A U.S. athlete is under fire by some in the Mexican-American community for carrying a Mexican flag after winning a silver medal in the 1,500 meters.
Leo Manzano, a Mexican immigrant who became the first American man to win a medal in the metric mile since 1968, draped himself in the flags of both his countries after his race at Olympic Stadium. That decision earned some cheers, but mostly jeers from Mexican-Americans.
Ruben Navarrette Jr., a CNN contributor and Washington Post Group writer, was among those criticizing the flag choice. Manzano competes for the United States, not Mexico, Navarrette wrote. Why would he carry a flag of the country his parents left when he was 4 years old?
Some people will insist that this is Manzano’s choice to make, that it was his sweat and sacrifice that got him to London, and this was his victory to celebrate however he saw fit. Those people are wrong. They’re focused on the individual. But the last thing the Olympics is about is the individual.
It’s about being part of a team — the U.S. Olympic team. It’s about national pride, not ego. Manzano wasn’t there to compete for himself but to represent his country. All he had to do was decide which country that was. He chose not to choose.
What am I missing? Where were the Italian-American athletes waving the Italian flag, or the Irish-Americans waving the Irish flag? I didn’t see that.
The last one is the money quote. We all come from somewhere. Not everyone is an immigrant, but every Olympian has roots. But did you see Danell Leyva holding a Cuban flag at his medal ceremony? Or Michael Phelps carrying a Union Jack because he has English blood in his ancestry?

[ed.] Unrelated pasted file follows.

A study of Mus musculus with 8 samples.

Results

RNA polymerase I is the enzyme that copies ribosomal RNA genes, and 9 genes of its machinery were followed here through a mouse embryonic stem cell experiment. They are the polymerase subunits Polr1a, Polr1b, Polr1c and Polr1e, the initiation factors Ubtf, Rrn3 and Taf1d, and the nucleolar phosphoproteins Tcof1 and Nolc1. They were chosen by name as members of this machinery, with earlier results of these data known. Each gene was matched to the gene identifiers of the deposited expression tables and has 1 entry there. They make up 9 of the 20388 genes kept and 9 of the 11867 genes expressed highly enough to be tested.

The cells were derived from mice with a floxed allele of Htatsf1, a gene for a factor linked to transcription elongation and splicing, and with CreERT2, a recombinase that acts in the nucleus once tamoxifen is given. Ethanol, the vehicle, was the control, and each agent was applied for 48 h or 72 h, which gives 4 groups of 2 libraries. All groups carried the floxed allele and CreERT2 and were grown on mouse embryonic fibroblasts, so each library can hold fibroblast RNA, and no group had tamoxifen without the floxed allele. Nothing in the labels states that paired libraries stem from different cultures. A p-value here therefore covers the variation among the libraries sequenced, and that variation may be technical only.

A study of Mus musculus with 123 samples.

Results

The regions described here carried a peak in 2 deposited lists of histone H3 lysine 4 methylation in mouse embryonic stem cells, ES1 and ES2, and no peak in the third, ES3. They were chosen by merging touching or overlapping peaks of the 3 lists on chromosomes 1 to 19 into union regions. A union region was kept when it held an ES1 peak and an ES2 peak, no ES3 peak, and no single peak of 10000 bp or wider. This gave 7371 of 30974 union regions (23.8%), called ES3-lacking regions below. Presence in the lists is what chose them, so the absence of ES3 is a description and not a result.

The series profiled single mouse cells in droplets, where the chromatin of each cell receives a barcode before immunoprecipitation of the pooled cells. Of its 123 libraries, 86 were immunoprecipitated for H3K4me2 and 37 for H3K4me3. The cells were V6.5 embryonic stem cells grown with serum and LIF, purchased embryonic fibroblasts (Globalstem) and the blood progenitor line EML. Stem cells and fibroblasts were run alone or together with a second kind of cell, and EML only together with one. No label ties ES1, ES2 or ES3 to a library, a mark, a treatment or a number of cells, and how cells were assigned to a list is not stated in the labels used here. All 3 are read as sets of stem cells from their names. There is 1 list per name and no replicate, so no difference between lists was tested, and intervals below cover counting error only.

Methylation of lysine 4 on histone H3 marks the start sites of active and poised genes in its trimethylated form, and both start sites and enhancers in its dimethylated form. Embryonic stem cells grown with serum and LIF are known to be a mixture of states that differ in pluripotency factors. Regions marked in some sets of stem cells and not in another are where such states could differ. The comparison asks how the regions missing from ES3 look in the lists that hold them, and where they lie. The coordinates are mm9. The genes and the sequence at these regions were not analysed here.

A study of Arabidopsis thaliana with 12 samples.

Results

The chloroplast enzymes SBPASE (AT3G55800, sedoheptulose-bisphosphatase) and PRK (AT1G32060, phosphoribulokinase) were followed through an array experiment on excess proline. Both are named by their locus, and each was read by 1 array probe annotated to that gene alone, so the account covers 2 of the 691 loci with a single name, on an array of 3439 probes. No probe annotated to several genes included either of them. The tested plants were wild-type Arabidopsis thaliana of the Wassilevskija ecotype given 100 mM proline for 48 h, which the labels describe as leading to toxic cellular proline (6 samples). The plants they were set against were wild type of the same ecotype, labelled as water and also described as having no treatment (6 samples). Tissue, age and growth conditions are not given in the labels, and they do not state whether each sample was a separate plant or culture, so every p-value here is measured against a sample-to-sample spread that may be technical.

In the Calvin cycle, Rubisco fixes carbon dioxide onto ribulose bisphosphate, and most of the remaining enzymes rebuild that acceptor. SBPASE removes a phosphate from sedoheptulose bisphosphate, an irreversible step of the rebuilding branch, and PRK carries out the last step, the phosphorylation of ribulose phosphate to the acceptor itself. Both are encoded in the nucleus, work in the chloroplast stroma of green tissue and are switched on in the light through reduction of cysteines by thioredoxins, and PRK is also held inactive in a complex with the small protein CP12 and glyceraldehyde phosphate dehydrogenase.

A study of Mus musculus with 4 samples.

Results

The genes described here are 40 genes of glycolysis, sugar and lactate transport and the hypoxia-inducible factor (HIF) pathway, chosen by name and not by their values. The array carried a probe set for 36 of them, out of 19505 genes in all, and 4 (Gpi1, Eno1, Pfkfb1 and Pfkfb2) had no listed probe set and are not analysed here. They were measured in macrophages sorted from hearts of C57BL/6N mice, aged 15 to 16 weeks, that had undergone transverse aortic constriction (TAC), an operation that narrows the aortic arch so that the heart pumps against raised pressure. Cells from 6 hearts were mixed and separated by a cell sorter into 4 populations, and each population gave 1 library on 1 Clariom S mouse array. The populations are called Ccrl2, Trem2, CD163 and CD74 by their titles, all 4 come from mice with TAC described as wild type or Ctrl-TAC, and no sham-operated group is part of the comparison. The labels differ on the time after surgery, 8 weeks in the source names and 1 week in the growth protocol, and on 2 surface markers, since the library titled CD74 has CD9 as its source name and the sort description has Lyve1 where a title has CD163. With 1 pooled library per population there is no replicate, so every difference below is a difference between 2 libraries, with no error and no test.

I talked to a friend with a Mexican background and she was vehemently against Manzano’s action. “It’s fine to be proud of your roots,” she said, “but not in this context.”
At least Manzano wears the red, white and blue. To me, it’s even more offensive when athletes who live, train and hold citizenship here make the choice to compete for other countries because it makes for an easier path to the Olympics. To take one example: Milorad Cavic, the man who nearly beat Michael Phelps in the 100 fly in Beijing, was born and raised in the United States but made the choice early in his life to swim for Serbia where he holds dual citizenship.
A poll on the CBS Atlanta website showed that 83 percent of respondents think Manzano shouldn’t have carried the Mexican flag. I believe it’s more complicated than a yes or no answer, but can’t disagree. Athletes with dual citizenship are naturally going to have competing loyalties and mixed feelings. Yet, when they step to the starting line with a USA on their chest, there should be no confusion.